While most artists tend to reside alone on the stage during shows, Canadian rock band Arkells mixed it up by jumping into the crowd and bringing fans on stage. The band members found stepping down from their platform was the best way to keep the audience engaged at the Bottom Lounge (1375 W. Lake St.) March 14.
Kansas City-based indie pop band The Greeting Committee fittingly welcomed the crowd to the show. With bright, lively moments such as “17,” a saxophone solo and moments of quiet intimacy with “Birthday Song,” The Greeting Committee showcased their range on stage.
Frontwoman Addie Sartino joined the audience to lead a dance party during the band’s cover of MGMT’s “Kids.” The crowd interactions continued as she crowd-surfed during the explosive closing track “Don’t Go” off debut album “This Is It.”
The Greeting Committee’s energy and spunk foreshadowed Arkells’ refreshing rock ‘n’ roll brand tinged with pop and Americana vibes.
Arkells opened the show with its anthem “Relentless” as lights and fog flooded the stage. This entrance gave way to the band’s dominating stage presence. Lead singer Max Kerman commanded attention as he ran to the sides of the stage, stood atop a light-up box and held the microphone out to the crowd.
During the song “Eyes on the Prize,” Kerman split the crowd forming a walkway to check on the fans. He wandered around working to convince the crowd it was a Saturday night — when it was in fact a Thursday. To sell his point, he wrote one fan a doctor’s note saying they rocked too hard to come into work.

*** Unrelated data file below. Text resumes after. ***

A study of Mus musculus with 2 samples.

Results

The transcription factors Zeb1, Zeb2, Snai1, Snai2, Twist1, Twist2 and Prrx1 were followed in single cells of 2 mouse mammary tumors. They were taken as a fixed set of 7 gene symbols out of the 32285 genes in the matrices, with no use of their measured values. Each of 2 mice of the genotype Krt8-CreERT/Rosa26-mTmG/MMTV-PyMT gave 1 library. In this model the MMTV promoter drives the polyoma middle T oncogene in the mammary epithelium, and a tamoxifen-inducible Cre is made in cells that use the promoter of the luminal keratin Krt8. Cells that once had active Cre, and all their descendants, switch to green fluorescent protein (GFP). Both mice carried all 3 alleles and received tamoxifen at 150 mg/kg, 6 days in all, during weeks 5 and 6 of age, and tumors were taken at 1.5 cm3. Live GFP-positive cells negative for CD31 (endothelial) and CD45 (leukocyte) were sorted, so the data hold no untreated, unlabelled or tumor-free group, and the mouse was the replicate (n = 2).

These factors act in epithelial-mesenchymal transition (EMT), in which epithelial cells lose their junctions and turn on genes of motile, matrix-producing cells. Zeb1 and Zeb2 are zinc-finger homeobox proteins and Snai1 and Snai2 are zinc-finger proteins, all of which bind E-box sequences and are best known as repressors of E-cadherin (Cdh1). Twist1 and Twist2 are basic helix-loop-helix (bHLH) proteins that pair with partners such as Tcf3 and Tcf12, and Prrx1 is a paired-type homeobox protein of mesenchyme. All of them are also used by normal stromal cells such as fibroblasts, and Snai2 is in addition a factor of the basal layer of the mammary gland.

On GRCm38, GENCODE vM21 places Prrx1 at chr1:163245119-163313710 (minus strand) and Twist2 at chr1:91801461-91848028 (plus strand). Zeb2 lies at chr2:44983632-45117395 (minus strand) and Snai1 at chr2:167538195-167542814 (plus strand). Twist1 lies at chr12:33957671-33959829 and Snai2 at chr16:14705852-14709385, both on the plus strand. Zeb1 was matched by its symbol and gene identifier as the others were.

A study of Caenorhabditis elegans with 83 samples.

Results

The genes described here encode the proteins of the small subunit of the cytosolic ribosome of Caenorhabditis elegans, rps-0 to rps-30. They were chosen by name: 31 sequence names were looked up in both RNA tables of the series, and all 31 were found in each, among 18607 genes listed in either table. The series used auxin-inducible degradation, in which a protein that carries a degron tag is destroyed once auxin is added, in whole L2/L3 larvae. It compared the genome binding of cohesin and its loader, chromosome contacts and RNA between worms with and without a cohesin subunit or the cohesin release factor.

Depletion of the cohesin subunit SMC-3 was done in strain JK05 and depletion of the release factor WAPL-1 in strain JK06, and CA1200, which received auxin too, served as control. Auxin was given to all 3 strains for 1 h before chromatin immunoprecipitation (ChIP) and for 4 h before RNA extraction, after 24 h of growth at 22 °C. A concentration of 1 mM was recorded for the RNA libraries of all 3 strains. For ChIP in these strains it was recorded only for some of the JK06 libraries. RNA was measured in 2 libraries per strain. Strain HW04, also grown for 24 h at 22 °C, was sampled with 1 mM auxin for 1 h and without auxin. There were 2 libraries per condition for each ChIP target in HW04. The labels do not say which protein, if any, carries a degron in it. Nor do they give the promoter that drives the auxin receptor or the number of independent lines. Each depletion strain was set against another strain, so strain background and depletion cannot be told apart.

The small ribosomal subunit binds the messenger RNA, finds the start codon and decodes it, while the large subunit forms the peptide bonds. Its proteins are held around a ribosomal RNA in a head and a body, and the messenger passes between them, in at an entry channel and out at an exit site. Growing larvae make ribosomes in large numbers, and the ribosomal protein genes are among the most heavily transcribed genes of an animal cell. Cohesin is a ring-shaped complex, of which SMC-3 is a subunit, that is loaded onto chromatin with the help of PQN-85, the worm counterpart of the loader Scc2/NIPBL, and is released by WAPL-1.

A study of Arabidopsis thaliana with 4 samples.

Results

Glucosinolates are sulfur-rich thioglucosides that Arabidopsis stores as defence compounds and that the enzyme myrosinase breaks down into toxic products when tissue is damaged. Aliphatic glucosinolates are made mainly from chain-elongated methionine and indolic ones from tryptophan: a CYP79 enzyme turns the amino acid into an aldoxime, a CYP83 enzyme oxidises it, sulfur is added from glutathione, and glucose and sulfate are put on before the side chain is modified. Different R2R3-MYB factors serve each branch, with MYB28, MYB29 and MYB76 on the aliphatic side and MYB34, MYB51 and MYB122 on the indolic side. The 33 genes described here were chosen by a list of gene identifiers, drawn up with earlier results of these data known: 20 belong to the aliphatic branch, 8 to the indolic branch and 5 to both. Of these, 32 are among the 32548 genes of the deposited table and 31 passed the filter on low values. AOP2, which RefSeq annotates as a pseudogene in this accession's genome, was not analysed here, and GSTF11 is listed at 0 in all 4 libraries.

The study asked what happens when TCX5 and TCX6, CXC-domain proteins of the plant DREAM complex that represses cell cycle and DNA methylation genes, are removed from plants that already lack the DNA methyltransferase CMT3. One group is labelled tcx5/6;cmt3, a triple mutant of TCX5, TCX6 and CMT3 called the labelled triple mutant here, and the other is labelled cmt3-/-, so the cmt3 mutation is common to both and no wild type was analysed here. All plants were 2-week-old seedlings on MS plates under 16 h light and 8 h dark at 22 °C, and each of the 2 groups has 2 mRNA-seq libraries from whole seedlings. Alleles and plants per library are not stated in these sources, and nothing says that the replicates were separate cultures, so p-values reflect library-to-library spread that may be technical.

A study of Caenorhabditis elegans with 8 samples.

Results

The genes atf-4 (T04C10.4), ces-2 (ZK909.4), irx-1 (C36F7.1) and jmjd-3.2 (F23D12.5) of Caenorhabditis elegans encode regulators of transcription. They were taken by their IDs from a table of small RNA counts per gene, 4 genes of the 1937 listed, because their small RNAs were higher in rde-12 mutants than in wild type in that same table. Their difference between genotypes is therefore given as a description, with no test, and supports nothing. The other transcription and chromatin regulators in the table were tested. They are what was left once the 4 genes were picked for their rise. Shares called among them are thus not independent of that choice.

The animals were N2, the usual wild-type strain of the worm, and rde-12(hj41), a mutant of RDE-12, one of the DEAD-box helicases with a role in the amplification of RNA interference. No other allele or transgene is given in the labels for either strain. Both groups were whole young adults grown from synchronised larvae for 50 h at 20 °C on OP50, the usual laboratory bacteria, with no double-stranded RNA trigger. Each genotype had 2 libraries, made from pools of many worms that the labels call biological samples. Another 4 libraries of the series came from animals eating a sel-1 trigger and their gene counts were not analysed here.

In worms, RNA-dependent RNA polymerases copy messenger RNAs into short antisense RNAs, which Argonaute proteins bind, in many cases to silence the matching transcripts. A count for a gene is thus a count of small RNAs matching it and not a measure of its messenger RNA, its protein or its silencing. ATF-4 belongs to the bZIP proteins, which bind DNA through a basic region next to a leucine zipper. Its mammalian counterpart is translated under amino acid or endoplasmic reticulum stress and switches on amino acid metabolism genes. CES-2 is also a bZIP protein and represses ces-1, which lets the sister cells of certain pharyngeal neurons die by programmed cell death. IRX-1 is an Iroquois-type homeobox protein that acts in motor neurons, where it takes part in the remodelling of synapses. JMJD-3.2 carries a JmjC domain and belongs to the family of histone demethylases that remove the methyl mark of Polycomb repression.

Determined to ensure all were in the party spirit, Kerman formed a conga line with fans and paraded around the venue during the track “People’s Champ.”
Arkells could be considered the people’s champ with how it catered the show to its audience. Three younger fans wearing carefully crafted homemade Arkells leather jackets brought signs asking to karaoke with the band. Their dedication was rewarded as they were brought on stage for the worry-free track “If Only For A Moment.”
With a request hotline, Kerman held a landline as a voicemail from a fan was played. Fans were asked to call in, say which show they’d be attending and request a deep cut that wouldn’t make the setlist otherwise.
Love song “And Then Some” was the request and Kerman took the opportunity to offer a bit of hope that warm summer days are on the horizon. Until those warm days, he called for a flashlight-filled, campfire-style sing-along to the song to make their own summer feeling.
Keyboardist Anthony Carone contributed to the high energy as he nearly jumped on his instrument on numerous occasions. He didn’t limit himself to just the keyboard as he rocked out on a mandolin, guitar and the iconic keytar.
The show culminated in a cover of ABBA’s “Dancing Queen” by Arkells and The Greeting Committee during the encore. The feel-good sing-along offered proper ending to a feel-good show.
Arkells is available to stream and buy on Spotify and iTunes.